Increased deer sighting makes for strange hunting season

POSTED: 7:56 PM Nov 10 2013   UPDATED: 8:10 PM Nov 10 2013

This weekend is the start of Tennessee's muzzleloader season meaning thousands of hunters in our area will so head into the woods to hunt for deer.

News 5 discovered that the start of deer season is coming at time when deer sighting have been above normal making for an interesting sporting season.

"Yea I've been pretty ready," said Jeff Dugger.

Jeff Dugger is at Mahoney's now but it won't be long before he goes hunting.

"My muzzleloader messed up, so I didn't get to go today for opening season."

Dugger is one of thousands of folks who plan to head out of into wildness to hunt on the first of three weekends of muzzleloader season.

"At any given time we can have 30 to 40 people in the gun department. It's very busy,” Rob Waddell, Mahoney’s Outfitters sales associate.

And the goal of most hunters in to catch a deer, but the deer aren't where you think they would be.

"Most of them have moved into the city, you see most of them right here in town,” said Dugger.

"There have been quite a bit of deer and vehicle collisions,” said David Carpenter, a Tennessee Wildlife Resource Officer.

We asked Carpenter about the sharp increase in deer sightings.

"Usually around November and that's when the rut starts to kick in, the deer breeding season. So a lot deer are on the move so that's when you're going to see a lot deer on the side of the road or cross the roads,” said Carpenter.

Dugger tells News 5 he hasn't seen deer where he normally hunts leading him to believe this season will be a tricky one.

"Hopefully I'll be at the right place at the right time."

Last year there were 5,911 deer related-crashes in the state according to the Tennessee Highway Patrol.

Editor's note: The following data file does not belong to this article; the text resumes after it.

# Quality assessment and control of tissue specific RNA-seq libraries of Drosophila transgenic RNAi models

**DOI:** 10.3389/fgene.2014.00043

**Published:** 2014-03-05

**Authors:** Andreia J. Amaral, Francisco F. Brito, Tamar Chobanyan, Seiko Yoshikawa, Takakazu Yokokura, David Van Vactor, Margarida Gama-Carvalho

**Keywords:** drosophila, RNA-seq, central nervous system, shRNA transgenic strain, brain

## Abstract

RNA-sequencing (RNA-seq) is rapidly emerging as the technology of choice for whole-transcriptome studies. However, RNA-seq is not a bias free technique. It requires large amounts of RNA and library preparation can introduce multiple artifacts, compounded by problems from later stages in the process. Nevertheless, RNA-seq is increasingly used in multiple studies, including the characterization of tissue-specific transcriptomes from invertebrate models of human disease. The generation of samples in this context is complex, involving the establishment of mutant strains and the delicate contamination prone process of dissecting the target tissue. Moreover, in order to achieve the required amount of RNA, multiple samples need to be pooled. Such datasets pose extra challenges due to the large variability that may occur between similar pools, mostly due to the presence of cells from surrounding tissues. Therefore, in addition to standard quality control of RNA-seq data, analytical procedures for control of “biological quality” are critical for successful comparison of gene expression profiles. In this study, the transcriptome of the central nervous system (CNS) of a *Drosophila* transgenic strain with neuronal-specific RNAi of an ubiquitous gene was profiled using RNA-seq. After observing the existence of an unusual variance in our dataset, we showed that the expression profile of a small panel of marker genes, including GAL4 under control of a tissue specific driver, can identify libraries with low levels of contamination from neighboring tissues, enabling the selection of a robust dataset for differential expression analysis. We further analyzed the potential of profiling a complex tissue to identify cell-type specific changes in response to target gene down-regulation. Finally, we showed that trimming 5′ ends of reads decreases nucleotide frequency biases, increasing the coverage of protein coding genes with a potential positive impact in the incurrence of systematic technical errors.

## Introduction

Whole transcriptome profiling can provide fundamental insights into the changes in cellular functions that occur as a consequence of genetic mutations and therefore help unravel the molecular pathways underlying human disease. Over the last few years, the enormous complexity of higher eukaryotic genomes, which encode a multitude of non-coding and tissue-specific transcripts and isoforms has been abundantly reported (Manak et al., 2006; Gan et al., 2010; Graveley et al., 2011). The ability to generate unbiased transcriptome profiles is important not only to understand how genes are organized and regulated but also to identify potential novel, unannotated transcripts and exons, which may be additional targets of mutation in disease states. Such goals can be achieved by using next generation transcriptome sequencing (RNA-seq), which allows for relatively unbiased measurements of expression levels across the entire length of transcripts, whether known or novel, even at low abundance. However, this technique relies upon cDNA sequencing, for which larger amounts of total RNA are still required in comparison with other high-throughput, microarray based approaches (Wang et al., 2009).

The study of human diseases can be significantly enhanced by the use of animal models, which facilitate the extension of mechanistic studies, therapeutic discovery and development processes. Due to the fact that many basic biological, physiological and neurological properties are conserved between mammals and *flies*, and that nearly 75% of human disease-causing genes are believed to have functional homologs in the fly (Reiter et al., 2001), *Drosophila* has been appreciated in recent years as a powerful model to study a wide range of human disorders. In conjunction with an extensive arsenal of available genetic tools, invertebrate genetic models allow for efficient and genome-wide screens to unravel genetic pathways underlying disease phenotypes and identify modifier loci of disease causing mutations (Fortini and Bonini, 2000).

307 wrecks caused injuries and in 2012, 3 people died as a result of a deer-related crash.

THP says if you're involved in an accident involving a deer, first move the vehicle off of the road and call THP (*876) or 9-1-1 for assistance.

Remember that mating season puts deer on the move and deer tend to move at dawn and dusk.

Whenever you see deer cross the road, expect more to follow. Many times, the second or third deer crossing becomes the one that motorists hit.

Be attentive; drive defensively, constantly scanning the roadside, especially at daybreak and dusk.
Do not swerve to avoid contact with deer. This could cause the vehicle to flip or veer into oncoming traffic, causing a more serious crash. Swerving also can confuse the deer as to where to run.

When you spot a deer, slow down immediately. Proceed slowly until you pass that point.

If you do collide with a deer, never approach the injured animal. They are powerful and can cause bodily harm to a human. Report any deer collision, even if the damage is minor.

Tennessee law allows deer killed in a collision to be taken and used as food, as long as you contact the nearest TWRA regional office to report the accident within 48 hours.

For a listing of TWRA regional offices, visit the TWRA website at click here.